Where Is the Censorship of Russian Media Leading?

RT studio on December 6, 2019 in Moscow, Russia.
Misha Friedman/Getty Images

Where Is the Censorship of Russian Media Leading?

Behind the EU’s Russian media ban is a global ambition for control of the Internet.

In an e-mail to Google on March 4, an unnamed representative of the European Commission said that Russian state media, such as Sputnik and Russia Today (RT), must be banned from search results, videos and social media posts.

“Pursuant to the freedom of speech, media have the right to report objectively on current events,” states the e-mail. However, “the right to free speech can be restricted for legitimate public interests in a proportionate manner.” What these interests are and what is “proportionate” are up to interpretation.

Certainly, propaganda and disinformation can be dangerous. Enemy propaganda has always been outlawed in times of war. It is easy to sympathize with the European Union’s desire to shut down pro-Putin mouthpieces while Ukraine is under attack. But it’s also important to look at the power the EU is grabbing during this crisis.

Under what the e-mail calls “broad” and “comprehensive” sanctions, search providers “must make sure that i) any link to the Internet sites of RT and Sputnik and ii) any content of RT and Sputnik, including short textual descriptions, visual elements and links to the corresponding websites do not appear in the search results delivered to users located in the EU.”

The European Commission’s request followed a February 27 speech by its president, Ursula von der Leyen, announcing the decision to ban Sputnik and Russia Today within the EU. Not long after, Google complied and prevented search results from including the targeted websites. Their associated applications were taken down from the Google Play store.

YouTube, a Google subsidy, blocked Russian state-sponsored channels in Europe on March 1. Ten days later, this ban expanded to a global scale.

Social media has also been targeted in an unprecedented way. Deleting posts containing Russian state media applies “both to accounts which appear as belonging to individuals who are likely to be used by RT/Sputnik and to any other individuals.” As for “posts made by individuals that reproduce the content of RT and Sputnik, those posts shall not be published and, if published, must be deleted.”

Nobody is exempt. The European Commission now has broad powers to block anyone on social media who may “appear … likely to be used” by Russian interests.

On February 28, a day after von der Leyen’s speech, Facebook’s president of global policy, Nick Clegg, announced that his platform would comply with requests from the EU and ban Russian state media in Europe. Instagram and TikTok made similar announcements.

Speaking to the Washington Post, T.J. McIntyre, an associate professor studying Internet law and civil liberties at University College in Dublin, called the EU’s decision a “far-reaching and remarkable interpretation of the law.”

Most notably, he stated that regarding the EU’s censorship law, “We have very little insight into how it’s actually being applied.” The EU has not been transparent about its regulation of the Internet, and current events provide only a tiny glimpse into the power the EU truly has.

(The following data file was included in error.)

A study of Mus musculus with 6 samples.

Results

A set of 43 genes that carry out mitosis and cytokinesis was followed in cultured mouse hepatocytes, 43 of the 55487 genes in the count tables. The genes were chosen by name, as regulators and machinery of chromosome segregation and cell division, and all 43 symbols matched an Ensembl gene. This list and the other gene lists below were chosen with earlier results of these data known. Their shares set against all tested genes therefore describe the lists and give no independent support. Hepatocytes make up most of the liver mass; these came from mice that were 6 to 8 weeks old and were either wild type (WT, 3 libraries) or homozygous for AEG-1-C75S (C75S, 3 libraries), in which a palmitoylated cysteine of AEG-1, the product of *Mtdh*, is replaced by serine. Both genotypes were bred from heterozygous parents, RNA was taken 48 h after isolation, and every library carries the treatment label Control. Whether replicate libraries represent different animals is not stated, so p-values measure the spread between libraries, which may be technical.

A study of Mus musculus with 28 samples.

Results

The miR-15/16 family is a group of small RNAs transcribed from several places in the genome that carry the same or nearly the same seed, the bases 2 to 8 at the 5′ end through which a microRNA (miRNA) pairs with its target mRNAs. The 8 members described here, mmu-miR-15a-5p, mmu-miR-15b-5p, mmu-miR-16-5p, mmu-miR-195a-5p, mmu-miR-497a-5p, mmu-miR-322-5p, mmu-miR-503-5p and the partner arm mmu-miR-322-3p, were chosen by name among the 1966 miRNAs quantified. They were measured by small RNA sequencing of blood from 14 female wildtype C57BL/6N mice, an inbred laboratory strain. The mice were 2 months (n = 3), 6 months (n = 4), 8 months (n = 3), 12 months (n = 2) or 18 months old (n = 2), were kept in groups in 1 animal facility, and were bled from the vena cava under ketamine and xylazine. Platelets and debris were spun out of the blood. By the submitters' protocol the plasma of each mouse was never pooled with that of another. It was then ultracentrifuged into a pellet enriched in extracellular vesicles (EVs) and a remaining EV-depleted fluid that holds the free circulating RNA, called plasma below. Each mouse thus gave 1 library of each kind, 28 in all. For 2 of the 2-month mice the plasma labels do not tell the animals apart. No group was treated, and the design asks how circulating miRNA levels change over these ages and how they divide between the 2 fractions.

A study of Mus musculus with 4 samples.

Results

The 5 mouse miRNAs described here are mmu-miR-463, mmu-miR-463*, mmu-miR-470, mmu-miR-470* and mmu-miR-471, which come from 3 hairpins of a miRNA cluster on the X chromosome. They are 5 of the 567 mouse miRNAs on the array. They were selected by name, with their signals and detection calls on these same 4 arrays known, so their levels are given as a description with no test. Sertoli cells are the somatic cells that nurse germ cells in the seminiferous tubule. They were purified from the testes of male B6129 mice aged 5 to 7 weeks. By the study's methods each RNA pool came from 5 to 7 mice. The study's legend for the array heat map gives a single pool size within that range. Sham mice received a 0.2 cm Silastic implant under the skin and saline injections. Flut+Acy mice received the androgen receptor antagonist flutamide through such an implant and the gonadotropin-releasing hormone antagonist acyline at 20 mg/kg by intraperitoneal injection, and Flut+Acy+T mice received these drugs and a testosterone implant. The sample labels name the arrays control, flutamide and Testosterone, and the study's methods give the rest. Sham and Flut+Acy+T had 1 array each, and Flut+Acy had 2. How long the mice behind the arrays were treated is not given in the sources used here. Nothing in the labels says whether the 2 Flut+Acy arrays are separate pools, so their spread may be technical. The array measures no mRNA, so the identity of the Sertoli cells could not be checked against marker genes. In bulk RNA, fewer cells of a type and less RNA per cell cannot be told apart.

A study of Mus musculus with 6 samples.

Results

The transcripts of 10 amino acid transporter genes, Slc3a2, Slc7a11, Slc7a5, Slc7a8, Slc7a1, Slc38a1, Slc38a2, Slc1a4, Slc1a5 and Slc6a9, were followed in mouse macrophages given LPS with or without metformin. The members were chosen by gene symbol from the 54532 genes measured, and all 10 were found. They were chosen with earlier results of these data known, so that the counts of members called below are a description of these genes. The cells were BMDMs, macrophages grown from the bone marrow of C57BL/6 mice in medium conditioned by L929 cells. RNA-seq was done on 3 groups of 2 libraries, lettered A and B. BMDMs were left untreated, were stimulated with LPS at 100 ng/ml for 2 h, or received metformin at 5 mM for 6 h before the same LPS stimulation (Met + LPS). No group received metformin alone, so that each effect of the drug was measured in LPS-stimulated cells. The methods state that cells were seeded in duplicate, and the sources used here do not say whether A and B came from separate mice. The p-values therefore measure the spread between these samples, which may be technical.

How many times has the EU censored unwanted publicity without public knowledge—and how much more will it use these powers in the future?

“The European Union is working to gain control of the Internet,” wrote Trumpet editor in chief Gerald Flurry in 2019. “Through various pieces of legislation, the EU now has extraordinary influence in the homes of Internet users and within every corporation and government on Earth. The EU is waging a campaign of technological imperialism, and most people don’t even know it!”

Europe is dominated by Germany, which has its strongest economy. The fact that the EU can influence large tech companies like Google, YouTube and Twitter to block content on a European and even a global scale shows that this trend is worth watching closely. But that’s not all. Europe’s control of the Internet is part of a larger trend described in the Bible: the seventh resurrection of the Holy Roman Empire.

Daniel 8:23 predicts the rise of a modern “king” who will unite Europe, reviving the Holy Roman Empire (Revelation 17:10; see also Who or What Is the Prophetic Beast?, by Herbert W. Armstrong, to prove the identity of this empire in detail).

“The EU is about the Germans ruling more than just Germany,” wrote Mr. Flurry. “They want an empire! They want to control the Internet—and that is only a stepping-stone to controlling the world! Every time it has risen, the Holy Roman Empire has made an attempt to do just that! These Internet regulations show that the spirit of Charlemagne has returned.”

Europe’s increasingly authoritarian power over the Internet already impacts you. The Bible warns that this empire will soon impact the entire world in much more overt and deadly ways.

To learn more about why the EU’s growing influence over the Internet is part of the rise of this empire, read “Germany Is Taking Control of the Internet,” by Mr. Flurry.